No Shale Gas Test Drilling Until Completion of Further Studies
A study into possible shale gas sites in the Netherlands should provide greater insights into the prime locations for responsible test drilling. A decision on test drilling will be made only after the results of these studies are known.
Input from local governments and communities
In a letter to the House of Representatives on Wednesday 18 September 2013, Dutch Minister of Economic Affairs, Henk Kamp announced the study would allow local governments and communities to become involved and informed about opportunities for detecting and extracting shale gas in the Netherlands. Minister Kamp also indicated that sites where test drilling is already planned would be included in the nationwide study.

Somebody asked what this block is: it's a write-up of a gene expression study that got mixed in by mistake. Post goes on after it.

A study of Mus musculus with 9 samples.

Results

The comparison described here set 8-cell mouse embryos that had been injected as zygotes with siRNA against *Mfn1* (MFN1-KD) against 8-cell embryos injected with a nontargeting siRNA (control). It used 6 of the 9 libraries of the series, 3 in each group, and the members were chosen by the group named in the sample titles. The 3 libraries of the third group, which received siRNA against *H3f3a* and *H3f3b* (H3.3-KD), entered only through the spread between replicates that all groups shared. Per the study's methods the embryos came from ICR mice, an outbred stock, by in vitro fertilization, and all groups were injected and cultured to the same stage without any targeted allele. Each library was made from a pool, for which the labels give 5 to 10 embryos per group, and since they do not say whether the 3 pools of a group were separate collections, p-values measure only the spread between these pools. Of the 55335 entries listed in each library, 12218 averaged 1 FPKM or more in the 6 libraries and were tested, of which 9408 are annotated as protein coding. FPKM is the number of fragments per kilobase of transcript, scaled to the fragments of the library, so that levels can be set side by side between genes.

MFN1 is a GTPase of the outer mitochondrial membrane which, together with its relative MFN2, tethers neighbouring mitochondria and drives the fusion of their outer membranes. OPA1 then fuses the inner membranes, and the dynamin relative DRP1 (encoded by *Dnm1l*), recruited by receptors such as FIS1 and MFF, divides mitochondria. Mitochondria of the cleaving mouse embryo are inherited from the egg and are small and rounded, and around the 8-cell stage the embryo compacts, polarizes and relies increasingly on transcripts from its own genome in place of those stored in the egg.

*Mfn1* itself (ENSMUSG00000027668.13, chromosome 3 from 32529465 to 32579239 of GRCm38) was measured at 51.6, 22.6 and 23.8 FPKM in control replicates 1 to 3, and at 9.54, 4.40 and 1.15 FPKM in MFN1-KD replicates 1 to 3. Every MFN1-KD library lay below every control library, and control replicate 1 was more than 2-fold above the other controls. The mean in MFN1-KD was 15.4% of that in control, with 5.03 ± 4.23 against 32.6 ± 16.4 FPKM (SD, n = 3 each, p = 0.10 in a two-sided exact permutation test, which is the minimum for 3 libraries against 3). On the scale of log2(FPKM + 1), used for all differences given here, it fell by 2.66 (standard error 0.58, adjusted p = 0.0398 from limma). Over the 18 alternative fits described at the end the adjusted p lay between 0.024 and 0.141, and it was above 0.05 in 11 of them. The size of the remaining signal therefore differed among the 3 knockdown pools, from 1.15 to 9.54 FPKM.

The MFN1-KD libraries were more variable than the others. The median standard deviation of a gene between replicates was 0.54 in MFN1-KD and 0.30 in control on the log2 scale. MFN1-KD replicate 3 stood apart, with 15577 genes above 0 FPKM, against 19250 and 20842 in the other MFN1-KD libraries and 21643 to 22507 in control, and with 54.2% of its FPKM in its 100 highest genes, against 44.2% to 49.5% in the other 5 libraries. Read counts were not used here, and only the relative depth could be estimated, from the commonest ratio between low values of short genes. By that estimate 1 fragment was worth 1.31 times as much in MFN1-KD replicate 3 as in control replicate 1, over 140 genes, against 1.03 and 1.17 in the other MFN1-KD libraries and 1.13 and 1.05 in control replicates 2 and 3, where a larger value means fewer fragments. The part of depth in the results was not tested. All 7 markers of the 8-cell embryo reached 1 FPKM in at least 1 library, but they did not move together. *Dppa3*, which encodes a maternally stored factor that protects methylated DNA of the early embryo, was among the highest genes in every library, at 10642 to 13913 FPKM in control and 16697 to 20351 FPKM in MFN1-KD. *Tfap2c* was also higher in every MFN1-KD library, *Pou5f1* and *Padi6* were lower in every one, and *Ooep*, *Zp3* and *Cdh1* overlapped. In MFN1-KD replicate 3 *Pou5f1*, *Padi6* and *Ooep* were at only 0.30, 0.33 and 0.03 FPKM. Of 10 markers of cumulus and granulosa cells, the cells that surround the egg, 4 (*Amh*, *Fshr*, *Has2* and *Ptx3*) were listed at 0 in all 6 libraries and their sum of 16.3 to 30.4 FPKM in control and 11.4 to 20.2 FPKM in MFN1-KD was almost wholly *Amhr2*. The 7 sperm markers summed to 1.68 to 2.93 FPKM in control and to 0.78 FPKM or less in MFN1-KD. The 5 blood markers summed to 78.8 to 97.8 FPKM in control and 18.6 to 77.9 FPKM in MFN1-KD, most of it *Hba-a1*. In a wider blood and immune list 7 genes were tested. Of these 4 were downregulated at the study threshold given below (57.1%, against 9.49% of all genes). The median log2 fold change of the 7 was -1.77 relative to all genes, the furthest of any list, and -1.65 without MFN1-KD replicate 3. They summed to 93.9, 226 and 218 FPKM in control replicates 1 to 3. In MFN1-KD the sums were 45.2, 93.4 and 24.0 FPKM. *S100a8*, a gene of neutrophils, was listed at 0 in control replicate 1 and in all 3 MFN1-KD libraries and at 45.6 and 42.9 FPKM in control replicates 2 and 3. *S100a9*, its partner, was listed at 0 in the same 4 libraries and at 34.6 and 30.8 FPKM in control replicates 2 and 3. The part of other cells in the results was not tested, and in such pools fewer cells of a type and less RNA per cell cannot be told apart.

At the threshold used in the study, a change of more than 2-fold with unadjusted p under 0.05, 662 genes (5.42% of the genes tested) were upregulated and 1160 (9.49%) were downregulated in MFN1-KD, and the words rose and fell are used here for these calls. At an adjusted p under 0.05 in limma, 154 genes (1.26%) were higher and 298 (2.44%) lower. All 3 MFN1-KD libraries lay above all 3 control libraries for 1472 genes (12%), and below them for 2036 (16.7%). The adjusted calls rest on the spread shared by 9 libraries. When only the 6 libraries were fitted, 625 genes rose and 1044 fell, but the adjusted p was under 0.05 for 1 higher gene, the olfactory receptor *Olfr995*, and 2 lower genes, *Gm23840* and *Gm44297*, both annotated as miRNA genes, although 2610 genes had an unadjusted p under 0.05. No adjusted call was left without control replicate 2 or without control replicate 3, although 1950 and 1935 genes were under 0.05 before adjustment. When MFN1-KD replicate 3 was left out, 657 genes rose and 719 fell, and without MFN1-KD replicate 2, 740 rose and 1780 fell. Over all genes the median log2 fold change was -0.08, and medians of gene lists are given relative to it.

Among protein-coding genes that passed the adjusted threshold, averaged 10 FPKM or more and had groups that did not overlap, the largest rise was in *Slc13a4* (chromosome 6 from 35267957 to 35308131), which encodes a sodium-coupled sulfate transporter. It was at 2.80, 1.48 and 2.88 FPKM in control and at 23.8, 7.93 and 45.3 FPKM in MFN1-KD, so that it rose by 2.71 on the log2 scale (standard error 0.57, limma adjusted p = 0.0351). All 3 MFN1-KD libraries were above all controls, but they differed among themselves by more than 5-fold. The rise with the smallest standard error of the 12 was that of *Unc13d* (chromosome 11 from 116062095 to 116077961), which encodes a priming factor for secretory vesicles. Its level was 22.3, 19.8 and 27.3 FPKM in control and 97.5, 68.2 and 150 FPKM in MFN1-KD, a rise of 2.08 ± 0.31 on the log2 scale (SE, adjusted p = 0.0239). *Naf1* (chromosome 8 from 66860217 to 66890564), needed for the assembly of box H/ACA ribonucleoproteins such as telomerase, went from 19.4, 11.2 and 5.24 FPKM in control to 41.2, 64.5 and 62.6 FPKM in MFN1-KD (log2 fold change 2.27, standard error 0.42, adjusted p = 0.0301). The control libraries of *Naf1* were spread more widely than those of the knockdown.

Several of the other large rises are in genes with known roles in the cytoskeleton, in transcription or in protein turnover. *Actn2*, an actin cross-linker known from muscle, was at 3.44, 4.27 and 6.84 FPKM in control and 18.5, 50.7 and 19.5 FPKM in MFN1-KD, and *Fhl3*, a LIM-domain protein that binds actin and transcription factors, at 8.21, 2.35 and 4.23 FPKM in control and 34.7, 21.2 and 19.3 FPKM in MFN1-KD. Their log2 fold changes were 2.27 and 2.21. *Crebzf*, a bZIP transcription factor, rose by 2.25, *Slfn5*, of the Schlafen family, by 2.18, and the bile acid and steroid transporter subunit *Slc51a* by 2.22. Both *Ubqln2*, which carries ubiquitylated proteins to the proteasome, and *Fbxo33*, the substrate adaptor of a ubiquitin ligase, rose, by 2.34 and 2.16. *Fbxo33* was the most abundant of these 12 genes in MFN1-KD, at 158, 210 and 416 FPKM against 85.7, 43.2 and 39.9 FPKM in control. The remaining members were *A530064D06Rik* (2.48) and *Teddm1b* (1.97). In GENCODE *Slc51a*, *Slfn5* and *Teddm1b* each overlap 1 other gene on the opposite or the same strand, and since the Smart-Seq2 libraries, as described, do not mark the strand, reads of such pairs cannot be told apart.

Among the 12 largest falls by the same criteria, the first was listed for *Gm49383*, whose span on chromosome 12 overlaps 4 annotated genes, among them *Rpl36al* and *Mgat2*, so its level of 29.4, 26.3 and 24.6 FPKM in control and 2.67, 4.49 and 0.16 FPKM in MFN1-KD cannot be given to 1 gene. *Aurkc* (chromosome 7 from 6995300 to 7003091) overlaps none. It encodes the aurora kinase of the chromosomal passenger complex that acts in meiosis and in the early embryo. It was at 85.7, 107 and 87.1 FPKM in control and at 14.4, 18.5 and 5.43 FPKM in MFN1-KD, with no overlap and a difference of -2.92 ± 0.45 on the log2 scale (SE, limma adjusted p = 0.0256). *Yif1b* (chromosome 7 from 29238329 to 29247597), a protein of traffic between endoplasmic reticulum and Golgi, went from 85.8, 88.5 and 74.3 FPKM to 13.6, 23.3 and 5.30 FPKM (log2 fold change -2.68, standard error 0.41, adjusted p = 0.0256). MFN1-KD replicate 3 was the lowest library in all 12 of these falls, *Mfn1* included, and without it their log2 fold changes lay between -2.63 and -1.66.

Sites where safety risks can be most effectively managed
'Some possible locations for test drilling for shale gas have been identified by companies applying for a license. But I want to be able to evaluate all sites in the Netherlands where drilling is possible,' said Minister Kamp. 'Attention can then be focused on those locations that are known to be promising, and how their environmental risks can best be managed.'
The nationwide study, which will take one and a half years to complete, will provide an insight into the possible effects of shale gas drilling on the environment at potential sites in the Netherlands.
Optimising drilling techniques, mitigating contamination risks
During the study various parties including water companies, the mining sector and the State Supervision of Mines will explore how drilling techniques can be optimised to mitigate risks of contaminating ground and surface water. Applications for licences will only be dealt with once the study is complete. Agreements have been made with companies that have already been granted exploration licences for certain sites to ensure they do not undertake further activities until the study is complete.